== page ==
Kenya public transport refers to air, road, railway, and water transport–the means by which people get from Point A to Point B. Of course, not every mode is available to everyone.
Jomo Kenyatta International Airport, Moi International, and Wilson Airport are the leading public air transports in the East Africa region. These three airports link East African nations with each other and with the rest of the world. Jomo Kenyatta International Airport, earlier known as Nairobi International Airport and Embakasi Airport, is the leading public air transport facility in the region. It serves daily an average of 19,000 passengers from Africa, Europe and Asia. The airport was named after Kenya’s first prime minister and president, Mzee Jomo Kenyatta.
There are also airstrips that facilitate small aircraft, connecting the capital city, Nairobi, with other small towns: Kitale, Eldoret, and Kisumu airstrips.
Uganda Railways service was the major public transport in the region back in the ’50s and ’60s. It was managed by East Africa Railways and served Kenya, Uganda and Tanzania. After the dissolution of East Africa Region in the year of 1977, the nation of Kenya took over the management of the Uganda Railway and all of its local branches in Kenya. The most important line in Kenya runs between Mombasa and Nairobi. In many parts of the country you will see rail lines, but you will never see any trains. Railway transport is no longer available in many parts of East Africa. An interesting read in the public domain about the building of these railroads–relating the excitement and danger of running the lines through lands dominated by “the Big Five,” including some man-eating lions–is The Man-Eaters of Tsavo.
Kenya also has a major international port in Mombasa, serving both Kenya and Uganda. Lake Victoria is another big port, which has a ferry that connects Uganda and Tanzania. It is only Mombasa that has a commercial port that reaches international standards. Mombasa’s commercial port is called Kilindini Harbor. Under the management of Kenya Ports Authority, it is located on the Indian Ocean.
Road Transport–not as Innocuous as it Sounds…
Of course, in our area, the masses are limited to road transport to get from point A to point B. If you live in the West, this sounds pretty innocuous–but let’s take a trip together and you’ll see a few differences in the way things happen here in Kenya.
Public buses and matatu (mini-bus) are the cheapest and most popular modes of transport in the cities and towns of Kenya. For those who cannot afford to own private vehicles or hire a private taxicab or rental car, this type of public transport remains the best and only option.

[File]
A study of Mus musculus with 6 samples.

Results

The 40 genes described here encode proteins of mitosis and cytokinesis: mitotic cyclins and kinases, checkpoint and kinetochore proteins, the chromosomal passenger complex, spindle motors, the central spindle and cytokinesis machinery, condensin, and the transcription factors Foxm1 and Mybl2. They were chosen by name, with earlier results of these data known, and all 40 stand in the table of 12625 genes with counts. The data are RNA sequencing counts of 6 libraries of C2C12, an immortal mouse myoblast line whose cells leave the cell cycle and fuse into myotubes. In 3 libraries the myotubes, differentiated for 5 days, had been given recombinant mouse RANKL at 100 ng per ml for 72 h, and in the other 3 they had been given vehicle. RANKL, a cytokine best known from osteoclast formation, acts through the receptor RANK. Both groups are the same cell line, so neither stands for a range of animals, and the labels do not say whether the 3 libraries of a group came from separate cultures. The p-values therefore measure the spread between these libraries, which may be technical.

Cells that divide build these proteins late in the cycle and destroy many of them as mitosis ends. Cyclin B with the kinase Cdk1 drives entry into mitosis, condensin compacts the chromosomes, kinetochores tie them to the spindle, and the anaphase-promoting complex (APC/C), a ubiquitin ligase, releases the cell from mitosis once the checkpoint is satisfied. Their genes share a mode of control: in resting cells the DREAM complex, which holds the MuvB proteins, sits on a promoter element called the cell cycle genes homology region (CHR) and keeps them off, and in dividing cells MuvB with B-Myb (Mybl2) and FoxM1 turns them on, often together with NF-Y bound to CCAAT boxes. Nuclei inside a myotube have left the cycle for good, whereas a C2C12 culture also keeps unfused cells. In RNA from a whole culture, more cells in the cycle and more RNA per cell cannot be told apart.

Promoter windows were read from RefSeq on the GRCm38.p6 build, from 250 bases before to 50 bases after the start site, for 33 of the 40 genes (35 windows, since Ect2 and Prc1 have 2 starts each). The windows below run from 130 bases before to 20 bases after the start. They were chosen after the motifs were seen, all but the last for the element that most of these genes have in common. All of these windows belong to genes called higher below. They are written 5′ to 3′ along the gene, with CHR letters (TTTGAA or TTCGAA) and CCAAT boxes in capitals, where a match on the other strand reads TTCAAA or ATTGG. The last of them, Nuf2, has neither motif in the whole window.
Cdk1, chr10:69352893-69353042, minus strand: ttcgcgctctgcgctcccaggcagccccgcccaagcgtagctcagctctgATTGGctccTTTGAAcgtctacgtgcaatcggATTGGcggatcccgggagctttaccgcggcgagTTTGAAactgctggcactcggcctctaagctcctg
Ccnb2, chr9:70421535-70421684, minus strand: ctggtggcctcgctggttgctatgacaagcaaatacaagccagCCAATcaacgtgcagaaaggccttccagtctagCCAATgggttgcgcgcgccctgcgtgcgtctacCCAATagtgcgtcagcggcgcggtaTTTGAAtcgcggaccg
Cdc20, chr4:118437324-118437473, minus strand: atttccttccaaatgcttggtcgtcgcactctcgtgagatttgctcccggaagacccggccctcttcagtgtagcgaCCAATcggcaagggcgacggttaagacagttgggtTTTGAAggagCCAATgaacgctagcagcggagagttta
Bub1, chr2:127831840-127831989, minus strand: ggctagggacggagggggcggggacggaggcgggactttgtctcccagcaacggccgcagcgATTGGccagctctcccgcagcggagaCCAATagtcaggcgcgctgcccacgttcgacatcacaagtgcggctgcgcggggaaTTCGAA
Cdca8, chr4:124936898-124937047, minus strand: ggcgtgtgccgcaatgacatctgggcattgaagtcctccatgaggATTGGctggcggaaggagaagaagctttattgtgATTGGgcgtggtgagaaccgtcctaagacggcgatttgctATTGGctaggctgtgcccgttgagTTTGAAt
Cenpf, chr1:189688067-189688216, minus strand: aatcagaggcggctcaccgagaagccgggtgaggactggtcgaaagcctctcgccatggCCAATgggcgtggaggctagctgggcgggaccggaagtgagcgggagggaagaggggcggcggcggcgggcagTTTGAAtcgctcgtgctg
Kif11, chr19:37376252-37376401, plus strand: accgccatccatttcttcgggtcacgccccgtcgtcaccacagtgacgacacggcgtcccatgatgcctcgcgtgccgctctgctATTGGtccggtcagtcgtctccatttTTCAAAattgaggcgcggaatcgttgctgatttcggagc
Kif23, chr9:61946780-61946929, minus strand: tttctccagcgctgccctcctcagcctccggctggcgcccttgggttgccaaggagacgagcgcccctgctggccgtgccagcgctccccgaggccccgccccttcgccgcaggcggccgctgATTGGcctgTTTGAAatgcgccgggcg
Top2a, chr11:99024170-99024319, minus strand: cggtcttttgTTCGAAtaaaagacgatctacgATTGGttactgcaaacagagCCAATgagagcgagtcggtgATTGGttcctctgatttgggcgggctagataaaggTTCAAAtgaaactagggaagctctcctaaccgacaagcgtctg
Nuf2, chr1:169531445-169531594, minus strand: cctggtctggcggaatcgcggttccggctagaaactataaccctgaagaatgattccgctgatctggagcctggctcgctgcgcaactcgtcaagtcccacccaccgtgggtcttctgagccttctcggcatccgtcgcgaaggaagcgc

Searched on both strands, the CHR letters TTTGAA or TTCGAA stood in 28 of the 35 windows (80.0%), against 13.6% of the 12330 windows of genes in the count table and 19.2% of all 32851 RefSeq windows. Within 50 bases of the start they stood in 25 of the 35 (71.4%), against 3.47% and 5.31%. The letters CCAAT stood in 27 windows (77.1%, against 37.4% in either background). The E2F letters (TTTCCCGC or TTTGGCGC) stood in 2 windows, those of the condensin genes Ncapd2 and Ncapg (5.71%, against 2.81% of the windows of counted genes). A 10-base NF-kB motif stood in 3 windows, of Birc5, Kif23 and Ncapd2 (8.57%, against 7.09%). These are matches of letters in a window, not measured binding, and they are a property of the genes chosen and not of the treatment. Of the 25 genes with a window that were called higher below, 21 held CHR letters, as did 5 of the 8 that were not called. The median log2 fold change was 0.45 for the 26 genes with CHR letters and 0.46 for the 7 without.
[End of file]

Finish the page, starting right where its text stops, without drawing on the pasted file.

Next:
Public buses and local matatu provide both short and long distance travel. Buses are mostly found in the cities and major towns of Nairobi, Mombasa, Nakuru, Eldoret and Kisumu, while matatu are common in small towns and rural regions. Buses are often preferred, as they are much safer, quieter, more reliable, and trusted, compared to matatu, which are filled with loud music to attract travelers and have chaotic road schedules with frequent stops.
Buses and matatu provide express services between major cities and towns across the country. Often fare is paid on board. If you are making a long distance travel then you will be required to do earlier booking, which can be done at the booking office before the day or time of travel. Buses carry many passengers compared to matatu, which is limited to not more than 14 passenger on each trips. (Of course, this is by law, but many carry more if they can get away with it.)
For many years, the matatu sector was known as the most dark and pathetic industry in the country. It had been linked with violence and reckless driving, resulted in many road accidents and loss of lives–even permanently handicapping some passengers who were fortunate enough to escape death. Other criminal activities have unfortunately been associated with the sector, such as mistreatment of the passengers, verbal and physical abuse, theft, hijacking, sexual harassment, and even murder. At various points, government interventions have tried solve these various issues, but some challenges remain.
Another reliable mode of local transport, particularly within larger towns and cities, and out in the villages, is boda-boda (motor-bike taxis). They often connect small towns with rural villages, where vehicles are scarce or even absent completely. They also provide a quick, cheap, and trusted means of accessing the most crowded and congested cities. Boda-boda industry has been a great blessing for many people by providing a source of employment for thousands of young people in many African countries
Public road transport in Kenya is one of the most exciting and intimidating experiences you can ever encounter in your life time! This experience generates both fear, horror and delight in foreigner visitors. These vehicles all travel on rough roads full of potholes and random (unmarked) speed bumps. Many of Kenya’s major roadways are under construction, with diversions slowing down travel in many cases. Travel by boda-boda in the villages is often on narrow paths, which are downright dangerous to navigate in rainy season. After your travel is over, you may find that you whisper to yourself, “My goodness, it was a nightmare–and an exciting journey.” Getting around Kenya can be at once horrifying and challenging for those travelers who are not used to driving in congested and crowded environments, or even rough, dusty, unpaved roads. For those who live here, though, it is an accepted part of everyday life, and we are thankful for the modes of transportation that connect us, as well as the continual improvements that are being made.